In Addition to Educating Collectors, How About Training Art Advisors?

The 101 Program for Art Advisors by Tang Art Advisory and One Art Nation

By Annelien Bruins, CEO and Art Advisor, Tang Art Advisory

Even as details of the Labor Department’s Fiduciary Rule are still being debated and its implementation may be delayed for another 18 months, the writing’s on the wall. Investors want financial advisors who act in their best interest, and understandably so. There is a lesson to be learnt here. As a number of recent high-profile court cases has shown, there is much potential for misunderstanding in the relationship between collector and art advisor, particularly if potential conflicts of interest or remuneration are not discussed in advance of a collaboration.

The art advisory profession has changed tremendously over the past decade or so: from a somewhat informal occupation to a bona fide profession. In addition to knowing their art, these days an art advisor is expected to be financially savvy and to have a working knowledge of areas such as art law and taxes, conservation and art lending, to name a few examples. “Unfortunately, unlike the legal profession, art advisors don’t require certificates or licenses to operate. This means that anyone can call themselves an art advisor, which is exactly what happens” says Julia Wehkamp, Co-Founder of One Art Nation, an online international art community educating art collectors and professionals.

Collectors need an art advisor who knows the art market like the back of their hand. A professional, dedicated art advisor can open many doors for collectors, save them time and money, and reduce their transactional risk. A good art advisor provides not only tremendous value to their art-collecting clients but also to their clients’ wealth managers and family offices. Unfortunately, it is difficult for financial advisors - especially those who don’t operate in the art world on a daily basis - to know who to trust with their clients’ requirements. No industry-wide standard of best practice (let alone regulation) exists for the art advisory profession - not for individual art advisors nor art advisory firms. 

At the same time I have seen a tremendous interest from Millennials in the art advisory field. They are eager to get into the profession, but find it hard to get the right work experience, set up their own business, or even exchange information and off-market opportunities with fellow advisors. In fact, I often receive questions from aspiring art advisors on the best way to handle the relationship with their clients. Topics include how to set up an appropriate fee model and how to manage expectations. The truth of the matter is that the opacity of the art market is not just confusing for art collectors, it’s also confusing for emerging art advisors (and perhaps even for experienced advisors). As a new art advisor, right now, you’re pretty much left to your own devices.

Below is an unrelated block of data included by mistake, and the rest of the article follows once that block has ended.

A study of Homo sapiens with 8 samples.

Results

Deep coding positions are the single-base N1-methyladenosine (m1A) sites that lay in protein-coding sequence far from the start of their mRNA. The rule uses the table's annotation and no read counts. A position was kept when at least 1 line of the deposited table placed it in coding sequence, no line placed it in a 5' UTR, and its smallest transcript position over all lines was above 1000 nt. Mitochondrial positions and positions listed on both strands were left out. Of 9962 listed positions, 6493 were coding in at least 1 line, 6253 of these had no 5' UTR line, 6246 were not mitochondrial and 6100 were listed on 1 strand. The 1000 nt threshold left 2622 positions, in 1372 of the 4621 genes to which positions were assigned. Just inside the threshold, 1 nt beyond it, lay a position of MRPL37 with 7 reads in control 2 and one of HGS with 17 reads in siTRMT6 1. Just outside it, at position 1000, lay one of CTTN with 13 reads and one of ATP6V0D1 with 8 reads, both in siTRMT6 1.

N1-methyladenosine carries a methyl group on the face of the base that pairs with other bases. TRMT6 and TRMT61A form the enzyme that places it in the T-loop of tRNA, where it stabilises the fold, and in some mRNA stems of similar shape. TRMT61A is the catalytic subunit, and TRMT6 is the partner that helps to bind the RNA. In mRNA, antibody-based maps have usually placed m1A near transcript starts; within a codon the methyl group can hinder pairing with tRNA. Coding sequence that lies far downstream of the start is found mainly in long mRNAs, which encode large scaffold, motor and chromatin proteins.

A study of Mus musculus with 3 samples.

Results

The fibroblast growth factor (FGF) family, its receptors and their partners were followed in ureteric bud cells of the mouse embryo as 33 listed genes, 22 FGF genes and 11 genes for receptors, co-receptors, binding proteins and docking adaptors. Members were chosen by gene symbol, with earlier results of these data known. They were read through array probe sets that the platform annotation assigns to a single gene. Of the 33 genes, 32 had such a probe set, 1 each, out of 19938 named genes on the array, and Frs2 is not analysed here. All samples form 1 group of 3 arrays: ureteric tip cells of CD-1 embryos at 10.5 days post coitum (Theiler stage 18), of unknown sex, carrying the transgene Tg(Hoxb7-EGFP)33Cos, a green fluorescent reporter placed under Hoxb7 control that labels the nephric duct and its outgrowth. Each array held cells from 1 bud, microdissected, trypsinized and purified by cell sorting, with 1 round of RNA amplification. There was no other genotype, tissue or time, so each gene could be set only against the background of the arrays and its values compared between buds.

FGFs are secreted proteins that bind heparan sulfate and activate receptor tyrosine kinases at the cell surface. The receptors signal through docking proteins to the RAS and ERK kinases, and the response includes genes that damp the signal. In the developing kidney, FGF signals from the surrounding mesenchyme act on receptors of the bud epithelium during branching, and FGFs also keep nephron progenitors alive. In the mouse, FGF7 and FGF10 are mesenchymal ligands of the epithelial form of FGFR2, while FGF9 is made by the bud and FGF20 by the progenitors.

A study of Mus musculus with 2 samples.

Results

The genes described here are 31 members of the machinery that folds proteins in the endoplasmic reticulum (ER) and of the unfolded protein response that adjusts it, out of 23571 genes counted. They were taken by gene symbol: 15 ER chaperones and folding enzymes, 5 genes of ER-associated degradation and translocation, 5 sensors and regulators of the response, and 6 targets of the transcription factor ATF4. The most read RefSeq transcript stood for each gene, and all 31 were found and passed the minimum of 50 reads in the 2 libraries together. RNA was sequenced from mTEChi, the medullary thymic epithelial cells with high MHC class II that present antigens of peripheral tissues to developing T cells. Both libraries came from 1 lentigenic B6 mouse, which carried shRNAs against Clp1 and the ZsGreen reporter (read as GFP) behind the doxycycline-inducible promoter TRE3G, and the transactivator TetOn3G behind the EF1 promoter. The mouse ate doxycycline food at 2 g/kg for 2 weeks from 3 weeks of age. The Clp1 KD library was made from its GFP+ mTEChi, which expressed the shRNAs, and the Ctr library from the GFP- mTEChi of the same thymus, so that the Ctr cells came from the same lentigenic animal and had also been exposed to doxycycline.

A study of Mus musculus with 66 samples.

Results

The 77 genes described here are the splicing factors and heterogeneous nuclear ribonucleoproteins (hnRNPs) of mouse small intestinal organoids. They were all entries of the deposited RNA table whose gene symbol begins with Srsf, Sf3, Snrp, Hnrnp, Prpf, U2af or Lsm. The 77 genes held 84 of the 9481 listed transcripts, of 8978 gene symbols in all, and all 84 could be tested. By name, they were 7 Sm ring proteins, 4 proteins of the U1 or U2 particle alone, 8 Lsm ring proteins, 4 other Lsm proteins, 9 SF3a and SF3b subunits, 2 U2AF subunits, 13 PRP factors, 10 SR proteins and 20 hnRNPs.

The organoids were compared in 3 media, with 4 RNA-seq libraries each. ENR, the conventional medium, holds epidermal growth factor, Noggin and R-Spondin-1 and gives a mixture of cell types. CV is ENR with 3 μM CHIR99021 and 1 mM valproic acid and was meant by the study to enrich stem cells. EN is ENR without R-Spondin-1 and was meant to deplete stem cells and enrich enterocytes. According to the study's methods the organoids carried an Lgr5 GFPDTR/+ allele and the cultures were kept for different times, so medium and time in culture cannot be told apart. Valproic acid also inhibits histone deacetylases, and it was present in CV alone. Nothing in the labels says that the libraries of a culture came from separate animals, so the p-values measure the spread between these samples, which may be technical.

It’s important that young art advisors understand best practice: that they should work with contracts to clarify the rights and responsibilities of both parties, not just for the protection of their clients, but also for their own protection. It is in an advisor’s interest to be transparent about the way in which they are remunerated and to avoid conflicts of interest that may lead to problems years down the line. Additionally, with companies like The Clarion List providing transparency in the art services industry through their online review system, having a stellar reputation will help art advisors to grow their business and successfully collaborate with other art advisors.

Tang Art Advisory and One Art Nation have teamed up to provide the world’s first online course for aspiring (and established) art advisors. The purpose of the program is to guide the next generation of professional art advisors on how to set up their businesses and how to successfully manage the relationships with their clients. Tang Art Advisory and One Art Nation are dedicated to disseminating best practice in the art advisory field, which does not just help art advisors but ultimately collectors and the wider international art market, too.

The program launches on November 1st, 2017 and will consist of a series of informative and interactive online courses, which are being created to guide aspiring art advisors on how to navigate the art world, set up a successful art advisory business and follow best practice. At the end of the course, upon successfully completing a short quiz, participants will receive a Certificate of Participation.

For more information and early bird discounted pricing, click here.